The mortar batteries on morris Island are necessarily without full reliefs on account of the small force on the island. The batteries on Folly Island, which are purely defensive, are served by details from the infantry, instructed by non-commissioned officers from the artillery.
Thirty shells are thrown into Charleston daily from the Morris Island batteries, directed at different portions of the city, and a slow mortar fire at different times opened on Sumter, with a view to prevent the mounting of mortars on the terre-plein. The armament of the different works in the Northern District are in good condition, and those on Morris Island ready at a moment's notice for offensive or defensive operations. Weekly reports of all firing, changes in garrisons, bursting of guns, with full history of same, together with accounts of the firing of the rebels, are required from the chief of artillery of this district.
The different forts and batteries at Beaufort are in charge of companies of the Twenty-sixth U. S. Colored Troops, under the instruction of non-commissioned officers from the artillery. The armaments of these works are well cared for and ready for defensive purposes.
Four companies of heavy artillery are stationed at Fort Pulaski and one at Hilton Head; the latter company is now instructing the First Michigan Colored Volunteers in artillery with a view to have them severe such works in Hilton Head District which cannot be manned by the artillery.
The armaments of the works in this district are well taken care of. The details to serve as artillery from the infantry have not such opportunities for drill as I desire on account of heavy fatigue work now going on. Detachments from the artillery at Pulaski are serving on the armed transports May Flower, Thomas Foulkes, Plato, and Croton.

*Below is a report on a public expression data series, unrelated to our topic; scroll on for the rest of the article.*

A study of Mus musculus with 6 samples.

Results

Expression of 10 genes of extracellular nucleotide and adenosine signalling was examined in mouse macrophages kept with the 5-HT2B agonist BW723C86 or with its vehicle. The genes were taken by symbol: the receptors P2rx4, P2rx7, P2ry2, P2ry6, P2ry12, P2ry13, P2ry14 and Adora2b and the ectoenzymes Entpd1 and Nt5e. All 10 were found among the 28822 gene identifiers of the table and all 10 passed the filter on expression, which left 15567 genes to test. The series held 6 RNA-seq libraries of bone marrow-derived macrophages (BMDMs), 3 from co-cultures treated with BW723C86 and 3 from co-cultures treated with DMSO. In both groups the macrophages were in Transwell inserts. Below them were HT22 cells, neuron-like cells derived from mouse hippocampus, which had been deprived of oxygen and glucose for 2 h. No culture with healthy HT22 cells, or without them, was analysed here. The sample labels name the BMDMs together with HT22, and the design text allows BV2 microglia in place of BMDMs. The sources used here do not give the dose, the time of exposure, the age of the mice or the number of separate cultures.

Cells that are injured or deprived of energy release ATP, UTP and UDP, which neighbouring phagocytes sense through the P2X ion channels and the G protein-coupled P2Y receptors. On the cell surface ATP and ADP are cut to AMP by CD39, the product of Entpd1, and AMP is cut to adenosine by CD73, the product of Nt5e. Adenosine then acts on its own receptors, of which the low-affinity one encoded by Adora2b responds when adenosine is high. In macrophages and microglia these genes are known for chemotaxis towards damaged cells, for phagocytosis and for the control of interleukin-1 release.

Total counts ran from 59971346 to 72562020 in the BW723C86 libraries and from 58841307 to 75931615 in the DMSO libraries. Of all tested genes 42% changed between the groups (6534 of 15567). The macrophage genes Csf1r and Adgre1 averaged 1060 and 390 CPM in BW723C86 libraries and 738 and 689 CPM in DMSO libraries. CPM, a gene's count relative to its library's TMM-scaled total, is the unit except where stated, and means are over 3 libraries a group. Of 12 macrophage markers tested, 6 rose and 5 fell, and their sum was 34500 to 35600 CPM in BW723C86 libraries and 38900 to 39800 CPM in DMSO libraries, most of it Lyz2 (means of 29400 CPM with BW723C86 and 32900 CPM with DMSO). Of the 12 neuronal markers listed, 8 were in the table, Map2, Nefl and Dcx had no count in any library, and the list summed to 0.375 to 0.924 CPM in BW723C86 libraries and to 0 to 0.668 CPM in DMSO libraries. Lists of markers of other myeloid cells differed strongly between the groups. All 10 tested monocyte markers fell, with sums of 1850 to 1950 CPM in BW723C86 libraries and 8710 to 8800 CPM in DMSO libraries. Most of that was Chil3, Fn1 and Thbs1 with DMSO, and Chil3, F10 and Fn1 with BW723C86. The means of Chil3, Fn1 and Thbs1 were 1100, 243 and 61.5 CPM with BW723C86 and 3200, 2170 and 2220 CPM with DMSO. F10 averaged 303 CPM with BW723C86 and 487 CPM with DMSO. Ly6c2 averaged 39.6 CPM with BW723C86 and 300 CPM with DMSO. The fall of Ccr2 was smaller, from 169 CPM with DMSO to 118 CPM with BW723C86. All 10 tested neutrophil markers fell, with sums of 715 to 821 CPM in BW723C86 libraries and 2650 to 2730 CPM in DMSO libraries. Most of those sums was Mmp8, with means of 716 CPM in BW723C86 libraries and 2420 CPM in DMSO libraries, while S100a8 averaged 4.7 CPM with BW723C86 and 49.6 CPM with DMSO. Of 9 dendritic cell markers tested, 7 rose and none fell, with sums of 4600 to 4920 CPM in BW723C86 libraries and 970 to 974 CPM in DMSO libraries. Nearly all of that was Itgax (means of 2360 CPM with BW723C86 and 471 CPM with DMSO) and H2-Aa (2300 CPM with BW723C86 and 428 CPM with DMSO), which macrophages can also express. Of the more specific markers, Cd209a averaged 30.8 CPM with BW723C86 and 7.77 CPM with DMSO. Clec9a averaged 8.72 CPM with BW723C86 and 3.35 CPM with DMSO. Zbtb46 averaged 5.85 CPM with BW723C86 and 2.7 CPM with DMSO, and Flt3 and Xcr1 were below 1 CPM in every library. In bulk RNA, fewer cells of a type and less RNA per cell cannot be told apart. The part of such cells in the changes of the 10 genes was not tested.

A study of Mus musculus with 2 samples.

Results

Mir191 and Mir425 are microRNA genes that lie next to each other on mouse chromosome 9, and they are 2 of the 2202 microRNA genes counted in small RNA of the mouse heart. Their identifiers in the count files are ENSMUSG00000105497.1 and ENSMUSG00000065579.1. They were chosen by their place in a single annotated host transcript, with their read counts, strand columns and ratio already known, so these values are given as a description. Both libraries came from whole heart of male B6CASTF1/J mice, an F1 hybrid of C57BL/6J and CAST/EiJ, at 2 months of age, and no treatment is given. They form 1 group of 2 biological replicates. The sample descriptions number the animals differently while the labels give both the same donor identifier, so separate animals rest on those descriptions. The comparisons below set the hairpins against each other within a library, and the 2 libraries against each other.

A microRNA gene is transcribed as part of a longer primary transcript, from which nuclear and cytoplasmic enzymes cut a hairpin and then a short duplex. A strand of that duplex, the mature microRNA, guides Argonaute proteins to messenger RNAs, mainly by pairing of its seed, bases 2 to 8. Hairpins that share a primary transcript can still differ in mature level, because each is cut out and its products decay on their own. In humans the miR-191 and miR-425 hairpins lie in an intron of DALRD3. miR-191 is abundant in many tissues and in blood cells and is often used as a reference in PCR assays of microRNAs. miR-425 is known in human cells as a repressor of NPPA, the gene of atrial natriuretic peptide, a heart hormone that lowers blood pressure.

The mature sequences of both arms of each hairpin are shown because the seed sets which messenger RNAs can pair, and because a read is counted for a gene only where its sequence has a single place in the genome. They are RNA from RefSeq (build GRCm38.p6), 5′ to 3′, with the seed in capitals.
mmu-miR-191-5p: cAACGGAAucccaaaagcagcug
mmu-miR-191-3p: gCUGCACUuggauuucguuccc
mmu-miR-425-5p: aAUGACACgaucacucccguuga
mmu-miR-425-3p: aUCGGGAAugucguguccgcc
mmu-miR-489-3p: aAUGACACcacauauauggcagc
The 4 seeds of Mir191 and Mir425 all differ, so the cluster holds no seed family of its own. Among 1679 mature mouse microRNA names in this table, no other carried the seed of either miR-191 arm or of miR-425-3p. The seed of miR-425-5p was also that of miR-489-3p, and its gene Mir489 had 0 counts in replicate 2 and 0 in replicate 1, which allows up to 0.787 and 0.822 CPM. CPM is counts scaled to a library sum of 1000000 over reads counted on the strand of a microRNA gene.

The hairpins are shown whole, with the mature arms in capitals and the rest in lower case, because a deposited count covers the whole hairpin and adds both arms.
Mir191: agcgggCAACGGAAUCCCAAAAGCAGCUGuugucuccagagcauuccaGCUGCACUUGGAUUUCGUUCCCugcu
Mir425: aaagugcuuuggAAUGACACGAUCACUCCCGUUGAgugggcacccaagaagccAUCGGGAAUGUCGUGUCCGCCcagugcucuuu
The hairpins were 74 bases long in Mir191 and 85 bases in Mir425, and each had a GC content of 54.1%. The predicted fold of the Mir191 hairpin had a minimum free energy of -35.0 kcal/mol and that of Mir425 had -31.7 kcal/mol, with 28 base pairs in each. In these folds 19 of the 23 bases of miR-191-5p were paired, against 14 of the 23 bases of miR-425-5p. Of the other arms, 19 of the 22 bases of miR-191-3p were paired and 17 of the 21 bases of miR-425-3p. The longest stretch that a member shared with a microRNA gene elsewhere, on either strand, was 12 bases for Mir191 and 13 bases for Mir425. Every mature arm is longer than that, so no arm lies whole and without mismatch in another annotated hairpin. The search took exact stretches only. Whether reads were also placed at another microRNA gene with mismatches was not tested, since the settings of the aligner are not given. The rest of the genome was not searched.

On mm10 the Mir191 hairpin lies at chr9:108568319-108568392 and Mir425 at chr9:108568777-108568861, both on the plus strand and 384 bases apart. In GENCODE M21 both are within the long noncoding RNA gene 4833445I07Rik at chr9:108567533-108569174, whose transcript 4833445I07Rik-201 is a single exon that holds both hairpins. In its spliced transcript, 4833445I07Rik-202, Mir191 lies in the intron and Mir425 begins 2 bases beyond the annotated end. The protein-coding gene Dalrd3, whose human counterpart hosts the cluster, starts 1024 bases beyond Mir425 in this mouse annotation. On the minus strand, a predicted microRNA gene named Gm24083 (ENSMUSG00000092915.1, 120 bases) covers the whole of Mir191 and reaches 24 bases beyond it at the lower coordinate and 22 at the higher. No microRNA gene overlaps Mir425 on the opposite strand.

Fort Clinch, at Fernandina, is garrisoned by companies of the One hundred and fifty-seventh New York; the forts at saint Augustine by detachments from the Seventeenth Connecticut Volunteers; the different batteries at Jacksonville by details from the Third U. S. Colored Troops.
The departure of the Tenth Army Corps left us with infantry garrisons, many of which were wholly ignorant of their duties as artillerists; non-commissioned officers and privates from the artillery have, however, been distributed as instructors, so that the different garrisons, are in fair condition as regards drill. Copies of General Orders, Numbers 88, from War Department, relative to the care of field-works and their armaments, have been distributed to the different officers in charge of forts and batteries and provisions of the order required to be observed. The small number of artillerists now in the department renders it necessary that every available man should be on duty with his special arm, and as many are detailed as clerks, orderlies, teamsters, boatman, bakers, and attendants men from the light and heavy artillery be ordered to join their companies, and that no details from any purpose, other than in the line of their duty, be made from the artillery.
C. R. BRAYTON,
Colonel Third R. 1. Arty, Chief of Arty., Dept. of the South.